President Joe Biden has faced a number of crises since taking office in January 2021, but his Administration has nonetheless managed to be at the forefront of the U.S. response to cyber attacks by crime groups and hackers aligned with nation-states.
Even before Biden took office, the U.S. faced threats like the SolarWinds attack and malicious actors with ties to Russia and China. After the Colonial Pipeline hack nearly shut down the Eastern U.S., Biden and federal security agencies swung into action with guidance, warnings, and in the case of federal agencies, orders to improve cybersecurity defenses.
The latest action came yesterday, when Biden warned of “evolving intelligence that the Russian Government is exploring options for potential cyberattacks.”
Justin Fier, VP of Tactical Risk and Response at Darktrace, called the warning “unprecedented.”
Fier said Biden’s statement “represents a move to combat disinformation by purposefully releasing intelligence that the Administration would previously have deemed classified. These warnings are unprecedented – past Administrations have not publicly substantiated to this extent that cyber attacks are incoming.
“Cyber war is not military versus military; all organizations, across public and private sectors, will have to defend themselves from attack,” he said. “Organizations must take advantage of this unprecedented access to government threat intelligence and heed these warnings. Businesses should diligently read the Cybersecurity and Infrastructure Security Agency (CISA) alerts, paying close attention to alerts from the last 12 weeks. Companies should also regularly test their defenses and hold tabletop exercises with their various IT business units.”
Mandatory Incident Reporting Will Take a While
Last week, Biden signed a $1.5 trillion government funding bill that also contained a provision for mandatory cyber incident reporting.
The Consolidated Appropriations Act (CAA) includes mandatory cyber incident reporting as part of the Strengthening American Cybersecurity Act, requiring owners of critical national infrastructure (CNI) to swiftly report cyber incidents and ransomware payments to the Department of Homeland Security’s Cybersecurity and Infrastructure Security Agency (CISA).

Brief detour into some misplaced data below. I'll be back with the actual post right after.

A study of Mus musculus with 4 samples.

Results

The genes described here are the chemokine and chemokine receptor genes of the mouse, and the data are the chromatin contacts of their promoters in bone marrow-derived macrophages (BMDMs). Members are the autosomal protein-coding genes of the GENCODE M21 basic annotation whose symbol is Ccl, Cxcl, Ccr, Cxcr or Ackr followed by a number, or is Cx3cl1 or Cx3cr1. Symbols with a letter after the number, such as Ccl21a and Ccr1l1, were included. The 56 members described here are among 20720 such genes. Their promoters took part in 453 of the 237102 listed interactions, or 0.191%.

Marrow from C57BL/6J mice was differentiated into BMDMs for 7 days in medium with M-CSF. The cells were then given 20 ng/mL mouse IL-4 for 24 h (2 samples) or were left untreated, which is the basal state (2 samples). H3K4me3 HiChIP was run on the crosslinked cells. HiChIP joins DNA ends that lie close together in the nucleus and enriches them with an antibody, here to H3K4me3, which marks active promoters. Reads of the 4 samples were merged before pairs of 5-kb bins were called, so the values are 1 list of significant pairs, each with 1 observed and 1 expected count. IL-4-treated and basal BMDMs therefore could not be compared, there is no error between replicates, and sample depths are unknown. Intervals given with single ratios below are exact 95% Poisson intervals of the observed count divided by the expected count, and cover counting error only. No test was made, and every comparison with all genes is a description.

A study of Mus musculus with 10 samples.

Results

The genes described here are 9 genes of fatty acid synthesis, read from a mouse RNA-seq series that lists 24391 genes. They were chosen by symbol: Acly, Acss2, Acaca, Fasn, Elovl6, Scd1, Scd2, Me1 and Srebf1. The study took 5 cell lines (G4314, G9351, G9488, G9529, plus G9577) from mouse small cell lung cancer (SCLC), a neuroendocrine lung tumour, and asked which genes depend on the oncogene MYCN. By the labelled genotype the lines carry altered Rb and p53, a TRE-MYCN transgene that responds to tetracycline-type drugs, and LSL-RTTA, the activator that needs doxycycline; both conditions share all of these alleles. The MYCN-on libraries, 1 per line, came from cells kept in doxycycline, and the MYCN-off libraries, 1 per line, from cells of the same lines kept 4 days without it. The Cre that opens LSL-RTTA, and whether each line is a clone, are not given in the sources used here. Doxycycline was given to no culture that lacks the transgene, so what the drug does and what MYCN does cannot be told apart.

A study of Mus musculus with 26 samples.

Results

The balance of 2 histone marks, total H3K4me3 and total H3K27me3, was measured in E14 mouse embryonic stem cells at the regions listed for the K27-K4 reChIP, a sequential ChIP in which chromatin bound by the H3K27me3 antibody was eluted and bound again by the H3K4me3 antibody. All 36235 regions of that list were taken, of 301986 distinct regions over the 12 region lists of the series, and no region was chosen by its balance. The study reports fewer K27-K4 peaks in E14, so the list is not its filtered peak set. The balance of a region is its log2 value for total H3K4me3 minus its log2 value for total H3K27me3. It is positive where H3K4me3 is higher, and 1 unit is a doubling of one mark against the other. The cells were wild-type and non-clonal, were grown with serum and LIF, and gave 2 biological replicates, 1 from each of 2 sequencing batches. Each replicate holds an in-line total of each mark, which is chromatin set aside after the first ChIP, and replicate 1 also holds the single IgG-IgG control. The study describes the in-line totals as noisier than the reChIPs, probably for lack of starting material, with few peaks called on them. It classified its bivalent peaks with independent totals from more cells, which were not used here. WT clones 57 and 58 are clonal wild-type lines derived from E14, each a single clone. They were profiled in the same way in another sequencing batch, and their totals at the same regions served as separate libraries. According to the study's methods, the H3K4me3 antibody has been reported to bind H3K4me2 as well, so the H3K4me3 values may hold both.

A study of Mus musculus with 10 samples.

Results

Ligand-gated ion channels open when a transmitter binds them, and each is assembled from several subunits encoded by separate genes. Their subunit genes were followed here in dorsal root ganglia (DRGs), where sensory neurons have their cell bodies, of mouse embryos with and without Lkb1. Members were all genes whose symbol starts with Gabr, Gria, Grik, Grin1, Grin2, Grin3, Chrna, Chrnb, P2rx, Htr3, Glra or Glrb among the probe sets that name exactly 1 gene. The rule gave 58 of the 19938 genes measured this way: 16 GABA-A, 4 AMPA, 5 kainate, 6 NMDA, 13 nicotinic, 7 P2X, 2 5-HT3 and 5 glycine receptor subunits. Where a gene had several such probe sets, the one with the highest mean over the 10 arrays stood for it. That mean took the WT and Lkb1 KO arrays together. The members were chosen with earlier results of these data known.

The law requires critical infrastructure operators to share breach information with federal agencies within 72 hours, ransomware payment information within 24 hours, modernize to better cybersecurity standards, and establish security standards for software.
If a covered entity fails to comply with requirements, a subpoena, order, or inspection alert, DHS may take civil action in a district court to enforce compliance. If the department fails to receive a response within 72 hours, the secretary may issue a subpoena to compel disclosure of information.
However, it could take a few years for the law to be fully implemented. CISA is to publish a Notice of Proposed Rulemaking (NPRM) within 24 months and issue a final rule within 18 months after that.
As part of the new law, CISA will create a ransomware vulnerability warning program to identify systems that contain security vulnerabilities. Regular reporting will also be part of the new law.
“CISA will use these reports from our private sector partners to build a common understanding of how our adversaries are targeting U.S. networks and critical infrastructure,” CISA Director Jen Easterly said in a statement. “This information will fill critical information gaps and allow us to rapidly deploy resources and render assistance to victims suffering attacks, analyze incoming reporting across sectors to spot trends, and quickly share that information with network defenders to warn other potential victims. CISA is committed to working collaboratively and transparently with our industry and federal government partners in order to enhance the security and resilience of our nation’s networks and critical infrastructure.
“Put plainly, this legislation is a game-changer. Today marks a critical step forward in the collective cybersecurity of our nation.”